LASER is short for Light Amplification by Stimulated Emission of Radiation Lasers are constantly around us DVDs, laser shows, medical (laser surgery), laser sight.

Laser light is DIRECTIONAL

Is strong and concentrated Flashlights are much weaker. Each wavelength is in unison with the others...think of the British (laser light) vs. Minutemen (flashlight) The laser lights are all organzied and together. The flashlights are running all over the place...unorganzied

the light is COHERENT

Theodore Maiman invented the first laser in 1960. (ruby laser) The idea of stimulated emission was theorized first by the non-other Albert Einstein.



How do lasers work?

A laser is activated by a few photons. These active photons cause more and more photons to get excited and thus creating a laser beam. Laser beams are usually the same color as opposed to light.

When you watch an average tv today, you can only see 30-35% of the ACTUAL color content New developments in laser technology will allow you to see 90% of color content! Cheaper as well.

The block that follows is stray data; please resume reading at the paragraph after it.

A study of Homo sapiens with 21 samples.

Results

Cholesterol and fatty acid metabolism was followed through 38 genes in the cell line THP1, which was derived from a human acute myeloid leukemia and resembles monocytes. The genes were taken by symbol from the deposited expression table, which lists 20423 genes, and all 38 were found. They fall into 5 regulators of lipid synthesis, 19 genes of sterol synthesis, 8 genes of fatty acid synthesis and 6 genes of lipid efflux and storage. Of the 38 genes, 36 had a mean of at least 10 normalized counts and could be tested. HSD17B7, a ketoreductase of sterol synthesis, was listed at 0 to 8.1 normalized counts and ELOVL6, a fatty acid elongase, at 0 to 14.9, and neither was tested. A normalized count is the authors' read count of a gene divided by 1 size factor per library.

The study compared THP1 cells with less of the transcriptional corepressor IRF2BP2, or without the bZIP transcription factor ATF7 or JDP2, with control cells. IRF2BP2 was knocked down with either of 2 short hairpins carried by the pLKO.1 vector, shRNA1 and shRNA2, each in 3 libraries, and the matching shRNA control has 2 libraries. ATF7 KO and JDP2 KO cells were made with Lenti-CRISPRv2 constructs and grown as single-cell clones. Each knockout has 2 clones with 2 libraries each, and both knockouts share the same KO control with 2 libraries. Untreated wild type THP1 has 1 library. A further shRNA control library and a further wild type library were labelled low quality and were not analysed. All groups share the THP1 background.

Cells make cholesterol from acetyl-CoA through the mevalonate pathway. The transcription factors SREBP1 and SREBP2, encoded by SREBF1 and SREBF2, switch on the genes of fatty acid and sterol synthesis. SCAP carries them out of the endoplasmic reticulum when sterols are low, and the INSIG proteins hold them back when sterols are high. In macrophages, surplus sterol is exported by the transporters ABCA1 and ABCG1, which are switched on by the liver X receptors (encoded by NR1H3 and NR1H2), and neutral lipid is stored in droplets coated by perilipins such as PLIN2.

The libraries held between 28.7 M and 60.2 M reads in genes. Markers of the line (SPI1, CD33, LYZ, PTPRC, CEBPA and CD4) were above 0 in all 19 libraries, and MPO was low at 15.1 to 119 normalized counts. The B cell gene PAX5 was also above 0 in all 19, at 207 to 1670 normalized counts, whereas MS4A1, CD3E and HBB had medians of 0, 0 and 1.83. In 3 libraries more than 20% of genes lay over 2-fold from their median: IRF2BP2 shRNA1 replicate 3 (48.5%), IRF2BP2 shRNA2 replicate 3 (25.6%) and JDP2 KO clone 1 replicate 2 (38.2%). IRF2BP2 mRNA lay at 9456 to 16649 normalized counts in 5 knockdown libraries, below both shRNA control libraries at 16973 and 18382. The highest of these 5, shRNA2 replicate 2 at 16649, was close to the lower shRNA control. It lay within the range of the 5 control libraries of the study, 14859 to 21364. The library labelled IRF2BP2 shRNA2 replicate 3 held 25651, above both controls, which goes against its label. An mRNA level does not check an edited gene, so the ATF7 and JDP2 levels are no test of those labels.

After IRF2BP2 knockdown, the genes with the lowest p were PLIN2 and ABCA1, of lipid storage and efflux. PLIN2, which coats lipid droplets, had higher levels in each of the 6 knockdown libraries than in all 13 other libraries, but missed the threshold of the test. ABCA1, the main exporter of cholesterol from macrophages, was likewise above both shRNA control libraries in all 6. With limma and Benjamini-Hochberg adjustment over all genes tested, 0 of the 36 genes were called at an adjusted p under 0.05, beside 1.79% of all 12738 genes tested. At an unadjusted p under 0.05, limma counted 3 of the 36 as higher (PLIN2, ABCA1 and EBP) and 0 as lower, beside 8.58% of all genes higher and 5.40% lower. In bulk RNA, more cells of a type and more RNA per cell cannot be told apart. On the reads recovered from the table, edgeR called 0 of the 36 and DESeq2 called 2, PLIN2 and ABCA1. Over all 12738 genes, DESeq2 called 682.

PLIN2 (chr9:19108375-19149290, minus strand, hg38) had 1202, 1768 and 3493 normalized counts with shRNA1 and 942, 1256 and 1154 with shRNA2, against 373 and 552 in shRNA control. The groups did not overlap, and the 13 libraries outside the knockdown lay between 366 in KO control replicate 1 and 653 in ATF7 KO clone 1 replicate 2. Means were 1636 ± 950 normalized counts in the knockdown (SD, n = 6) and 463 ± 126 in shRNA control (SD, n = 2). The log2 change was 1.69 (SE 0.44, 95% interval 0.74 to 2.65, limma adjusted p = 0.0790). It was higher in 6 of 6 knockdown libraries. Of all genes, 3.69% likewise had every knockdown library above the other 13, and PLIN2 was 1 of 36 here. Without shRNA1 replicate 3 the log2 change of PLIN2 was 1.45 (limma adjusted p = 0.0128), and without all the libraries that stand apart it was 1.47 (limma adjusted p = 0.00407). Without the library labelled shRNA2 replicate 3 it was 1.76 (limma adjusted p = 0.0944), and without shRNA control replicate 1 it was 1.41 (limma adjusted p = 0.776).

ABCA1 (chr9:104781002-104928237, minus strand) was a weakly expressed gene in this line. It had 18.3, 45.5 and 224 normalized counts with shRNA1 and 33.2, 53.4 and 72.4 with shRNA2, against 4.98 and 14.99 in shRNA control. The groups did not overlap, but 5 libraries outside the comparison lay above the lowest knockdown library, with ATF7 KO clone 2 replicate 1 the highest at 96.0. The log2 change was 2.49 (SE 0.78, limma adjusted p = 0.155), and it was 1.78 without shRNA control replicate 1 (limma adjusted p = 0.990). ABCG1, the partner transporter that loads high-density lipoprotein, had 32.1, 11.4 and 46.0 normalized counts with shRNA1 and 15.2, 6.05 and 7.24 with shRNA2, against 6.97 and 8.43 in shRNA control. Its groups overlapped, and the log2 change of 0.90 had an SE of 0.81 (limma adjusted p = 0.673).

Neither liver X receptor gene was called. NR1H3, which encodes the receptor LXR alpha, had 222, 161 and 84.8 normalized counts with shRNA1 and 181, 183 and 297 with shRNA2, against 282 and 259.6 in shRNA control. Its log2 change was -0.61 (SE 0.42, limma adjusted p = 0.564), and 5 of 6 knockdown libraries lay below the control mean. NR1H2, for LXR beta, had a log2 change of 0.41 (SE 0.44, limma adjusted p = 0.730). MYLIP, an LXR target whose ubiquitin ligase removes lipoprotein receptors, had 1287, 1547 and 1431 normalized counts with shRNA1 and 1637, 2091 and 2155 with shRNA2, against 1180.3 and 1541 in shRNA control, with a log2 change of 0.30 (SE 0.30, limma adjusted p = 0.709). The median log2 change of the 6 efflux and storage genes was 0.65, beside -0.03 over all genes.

Military Lasers
Laser weapons are just now

reaching the battlefield. Researchers at the pentagon recently got 105KW of power out of their laser. This paves the way for energy weapons to be the newest destructive force on the battlefield.

Uses coded lasers to track how many points you get.

Holography, a term used to describe the study of holograms, is is a technique that allows the light scattered from an object to be recorded and later reconstructed so that it appears as if the object is in the same place where it was recorded. The image produced is changed exactly as the postion of the viewing system changes, thus producing a three dimensional image.


A photographic plate (metal plate with slits in it) is placed at an angle to the 3-D object being hologramed. The laser beams that are shot toward the object are bent and reflected toward the photographic plate. The angles at which the lasers hit the photographic plate deterimine the shape of the object to be hologramed later.

Holograms of Complex Objects

To record a complex object, the laser beam is first split into two beams using a beam splitter. One of the beams illuminates the object (reflecting the object onto the recording medium), while the other beam illuminates the recording medium directly.